If you work for a business regulated by the Financial Conduct Authority, the financial regulator’s actions and priority areas give you a good steer as to where your attention should be focused.
It’s worth noting, then, that in the first few weeks of 2020, the FCA has already issued a ‘Dear CEO’ letter as well as two portfolio letters addressed to chief executives.
What can these letters tell us about the Authority’s current priorities – and what do they mean for the areas your board should be focusing on this year?
What are FCA Dear CEO and Portfolio letters?
The regulator writes Dear CEO letters when it wants to bring chief executives’ attention to a single area it considers high-risk. Portfolio letters take a deep dive into an entire market.
Writing in Money Marketing, Simon Collins of legal and compliance firm Konexo says that the letters ‘provide a clear line of sight for FCA intentions over the coming months’, suggesting that the regulator is telling financial services firms that ‘it is not satisfied the profession has done enough to minimise customer harm events’.
What does this mean for your board’s priorities?
Although the letters cover different subjects, there is common ground and some consistent themes between them.
The first Dear CEO letter, aimed at wholesale insurance firms, focuses on non-financial misconduct – something sparked by stories of inappropriate conduct at Lloyds of London, raising wider issues of corporate culture, including concerns around a lack of diversity and inclusion. (An issue, as we reported recently, where boards have been criticised for a lack of progress.)
The portfolio letter hones in on suitability of advice, as well as some specific issues that potentially impact advice firms’ sustainability.
The second Dear CEO letter covers issues specific to the asset management industry around product governance and responses to the FCA’s asset management market study alongside EU withdrawal and accountability issues.
Taken as a whole, the three letters have clear messages for regulated boards about where their time would be best spent to align with FCA priorities.
The financial regulator plans to assess how effective current governance approaches are, as well as reviewing firms’ success in implementing the Senior Managers & Certification Regime, a structure designed to increase accountability firm-wide.
We reported just last week on Financial Reporting Council calls for FTSE100 businesses to up their game on governance. If this is something your firm is struggling with, knowing that it’s in the regulator’s sights may focus attention on improving your performance here.
- Technical resilience and cyber-risk
The regulator is also keen to understand how firms are managing their technology risks. Security should be key for every board; this is also something we’ve looked at previously. The board plays a central role in a business’s digital transformation efforts, and security should be a paramount consideration when choosing new technology.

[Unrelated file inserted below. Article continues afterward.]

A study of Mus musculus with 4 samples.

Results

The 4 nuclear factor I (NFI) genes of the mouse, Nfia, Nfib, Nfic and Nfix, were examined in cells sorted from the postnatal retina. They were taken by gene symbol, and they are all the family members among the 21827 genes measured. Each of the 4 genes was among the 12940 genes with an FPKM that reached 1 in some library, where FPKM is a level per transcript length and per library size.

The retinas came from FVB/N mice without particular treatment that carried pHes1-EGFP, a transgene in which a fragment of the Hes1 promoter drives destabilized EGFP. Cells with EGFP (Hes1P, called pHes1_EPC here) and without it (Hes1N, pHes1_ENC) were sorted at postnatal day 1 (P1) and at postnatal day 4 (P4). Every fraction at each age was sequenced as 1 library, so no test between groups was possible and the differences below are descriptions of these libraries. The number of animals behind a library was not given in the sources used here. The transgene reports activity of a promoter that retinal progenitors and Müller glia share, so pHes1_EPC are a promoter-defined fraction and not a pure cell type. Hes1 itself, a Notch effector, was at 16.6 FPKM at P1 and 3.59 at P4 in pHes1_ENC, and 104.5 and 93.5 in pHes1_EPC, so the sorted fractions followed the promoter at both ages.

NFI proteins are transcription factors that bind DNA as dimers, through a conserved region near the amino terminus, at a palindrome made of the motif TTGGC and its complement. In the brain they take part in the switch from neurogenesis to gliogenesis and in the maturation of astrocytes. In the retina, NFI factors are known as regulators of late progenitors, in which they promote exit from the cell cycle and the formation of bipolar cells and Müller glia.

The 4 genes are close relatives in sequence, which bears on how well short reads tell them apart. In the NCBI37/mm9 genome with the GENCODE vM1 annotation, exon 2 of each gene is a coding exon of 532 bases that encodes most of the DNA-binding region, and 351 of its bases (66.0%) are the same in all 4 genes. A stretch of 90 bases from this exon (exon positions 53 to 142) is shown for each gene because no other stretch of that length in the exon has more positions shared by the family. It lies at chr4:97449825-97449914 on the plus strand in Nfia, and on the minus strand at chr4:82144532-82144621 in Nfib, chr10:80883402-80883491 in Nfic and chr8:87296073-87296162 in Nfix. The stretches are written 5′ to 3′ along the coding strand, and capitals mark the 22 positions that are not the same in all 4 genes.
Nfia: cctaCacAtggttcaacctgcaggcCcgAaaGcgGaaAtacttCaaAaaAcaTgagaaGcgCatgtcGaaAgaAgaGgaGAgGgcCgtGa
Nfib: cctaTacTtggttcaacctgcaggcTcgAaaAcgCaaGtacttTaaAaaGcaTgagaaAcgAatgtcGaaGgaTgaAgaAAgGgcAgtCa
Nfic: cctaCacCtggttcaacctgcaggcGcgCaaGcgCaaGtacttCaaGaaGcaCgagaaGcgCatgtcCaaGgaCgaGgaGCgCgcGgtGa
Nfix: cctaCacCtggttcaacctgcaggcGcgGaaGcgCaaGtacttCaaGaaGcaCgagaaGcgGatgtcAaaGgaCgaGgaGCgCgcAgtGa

- Avoiding harm to customers
This is an ongoing priority area for the FCA. Corporate culture is again vital here; putting in place a culture where fair treatment is central to your ethos will help to ensure that the risk of harm to consumers is minimised.
Boards have often been accused of falling short when it comes to this compliant culture – if this is familiar, your board may want to make this a priority.
Of course, all these issues are often closely inter-linked. You can help to avoid harm to consumers by ensuring your systems and technologies are robust – and by swiftly addressing any issues that arise; cyber-breaches, for instance.
Preventing consumer harm doesn’t just mean making plans to proactively treat customers fairly, it also demands that the board puts in place clear plans for when things go wrong.
Although the execution of these plans may be an operational matter, the strategy that determines your firm’s approach is firmly a board issue.
For regulated firms, the FCA’s actions are a good bellwether of their priorities and the areas where they will be most closely scrutinising the businesses under its remit. It may be worth reviewing your board’s approach to them, to ensure you remain one step ahead.
Creating a compliant culture
A compliant culture, where ethics and the ‘right’ behaviours permeate the entire organisation, is the holy grail for boards looking to meet regulatory requirements. But this can be tricky to achieve.
If this is something your business struggles with, you can download a copy of our whitepaper, How to embed a compliance culture into your business. The paper is free, and you can download a copy from our resource library.
Nothing in this document should be treated as an authoritative statement of the law. Action should not be taken as a result of this document alone. We make no warranty and accept no responsibility for consequences arising from relying on this document.